A History of Restlessness and Clay Amphora
A relentlessly reflective iconoclast, the style of wine that Josko Gravner has made from his 18-hectare estate has varied greatly over the past three decades. Regardless of style, Gravner has remained not only a benchmark of the region, but also one of its most provocative and influential winemakers. His commitment to his terraced, high density, old-vine vineyards has remained severe and his sites are famous for being meticulously kept.
In the early 1980s, Gravner was the first to abandon the use of steel tanks and cool temperature-controlled fermentations that had dominated Friuli white wine making, for the use of French barriques. This amounted to a revolution for the region; a change from the crisp, clean wines that were intended to be drunk relatively young, to richer, deeper wines that benefited from aging.
However, Gravner soon became weary of this style of wine and ridded his winery of its barriques and high-tech scientific equipment to pursue wine as it would have been made generations ago. The barriques were traded in for large old Slavonian oak barrels, he began macerating his white wines for periods of around twelve days, and no temperature control or filtration was used. The wine then sat in barrel for three years or more. The resulting wines were cloudy, dark, and had a textured and even grippy mouthfeel. Many of Gravner's neighbors were scratching their heads and wondering if their strange, wine savant had lost it this time for good. These were surreal and singular wines at the time.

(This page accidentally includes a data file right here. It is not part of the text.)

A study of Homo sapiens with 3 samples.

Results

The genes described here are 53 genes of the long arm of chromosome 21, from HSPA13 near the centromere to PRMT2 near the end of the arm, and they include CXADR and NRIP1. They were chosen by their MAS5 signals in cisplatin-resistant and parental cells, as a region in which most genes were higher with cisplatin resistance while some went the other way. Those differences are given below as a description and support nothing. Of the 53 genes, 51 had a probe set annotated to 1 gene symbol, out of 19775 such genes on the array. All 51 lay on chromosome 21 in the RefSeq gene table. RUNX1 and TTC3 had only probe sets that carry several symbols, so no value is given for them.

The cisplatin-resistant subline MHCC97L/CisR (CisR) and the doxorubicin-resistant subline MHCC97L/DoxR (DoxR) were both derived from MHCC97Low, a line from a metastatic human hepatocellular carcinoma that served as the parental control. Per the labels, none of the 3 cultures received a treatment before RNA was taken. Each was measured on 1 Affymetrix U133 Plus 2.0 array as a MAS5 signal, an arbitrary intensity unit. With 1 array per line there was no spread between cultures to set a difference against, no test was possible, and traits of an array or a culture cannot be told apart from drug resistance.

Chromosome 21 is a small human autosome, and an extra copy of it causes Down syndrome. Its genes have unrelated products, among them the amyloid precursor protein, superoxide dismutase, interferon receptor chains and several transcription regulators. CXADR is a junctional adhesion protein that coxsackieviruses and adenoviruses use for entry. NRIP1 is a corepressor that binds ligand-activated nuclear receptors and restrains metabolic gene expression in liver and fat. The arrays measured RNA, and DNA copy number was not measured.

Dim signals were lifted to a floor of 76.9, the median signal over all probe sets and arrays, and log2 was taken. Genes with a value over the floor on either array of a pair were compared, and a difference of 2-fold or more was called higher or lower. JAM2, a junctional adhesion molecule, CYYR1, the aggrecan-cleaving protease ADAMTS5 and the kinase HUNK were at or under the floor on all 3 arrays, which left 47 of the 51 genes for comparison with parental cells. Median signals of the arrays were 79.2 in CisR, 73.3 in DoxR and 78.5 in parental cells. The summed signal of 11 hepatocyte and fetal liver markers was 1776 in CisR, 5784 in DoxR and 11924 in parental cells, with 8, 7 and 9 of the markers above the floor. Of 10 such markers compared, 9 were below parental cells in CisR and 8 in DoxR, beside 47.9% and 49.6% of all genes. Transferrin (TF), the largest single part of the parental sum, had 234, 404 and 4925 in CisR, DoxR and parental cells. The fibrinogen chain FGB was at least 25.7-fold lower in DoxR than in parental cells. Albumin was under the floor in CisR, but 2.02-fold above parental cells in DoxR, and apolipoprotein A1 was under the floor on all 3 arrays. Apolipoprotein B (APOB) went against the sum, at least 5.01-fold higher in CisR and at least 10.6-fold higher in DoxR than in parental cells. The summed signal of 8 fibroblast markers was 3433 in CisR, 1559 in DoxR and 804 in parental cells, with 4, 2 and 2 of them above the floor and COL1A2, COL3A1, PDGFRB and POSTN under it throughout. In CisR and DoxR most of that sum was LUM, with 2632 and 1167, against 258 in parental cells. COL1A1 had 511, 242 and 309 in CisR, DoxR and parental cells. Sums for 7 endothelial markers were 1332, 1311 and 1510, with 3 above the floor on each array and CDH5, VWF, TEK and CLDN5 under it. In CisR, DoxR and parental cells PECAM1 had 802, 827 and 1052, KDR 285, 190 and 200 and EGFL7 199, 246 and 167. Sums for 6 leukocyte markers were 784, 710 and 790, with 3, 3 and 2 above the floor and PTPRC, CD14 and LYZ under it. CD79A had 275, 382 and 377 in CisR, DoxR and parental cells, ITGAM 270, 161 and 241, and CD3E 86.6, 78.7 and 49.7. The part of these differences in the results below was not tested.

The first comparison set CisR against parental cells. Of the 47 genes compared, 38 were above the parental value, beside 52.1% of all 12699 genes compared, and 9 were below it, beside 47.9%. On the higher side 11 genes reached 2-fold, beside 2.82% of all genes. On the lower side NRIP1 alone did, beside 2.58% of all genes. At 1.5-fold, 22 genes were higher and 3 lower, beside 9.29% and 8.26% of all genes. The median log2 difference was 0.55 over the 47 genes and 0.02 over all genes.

His exploration of old fashioned winemaking techniques led him finally to the use of amphoras, clay pots that were wine's first vessels. There's a history of their use going back 4,000 years and Gravner began to experiment with the amphoras in 1997. From 1998 until 2000 his wines were a combination of barrel and amphora. In 2001, Gravner released his first wine raised purely in amphora.
While the severity of his practice is unquestionable, perhaps no other factor speaks to Gravner's importance than the number of disciples he has had, the influence he has wielded in Friuli and Italian wine in general. Both Edi Kante and Damijan studied with Gravner before beginning their own, much respected, wineries in Friuli. Gravner's influence can easily be seen in the wines of his neighbors Radikon and La Castellada. The use of amphoras has spread through Italy with Lispida in the Veneto, Cos in Sicily, and Guttarolo in Puglia to name only a few.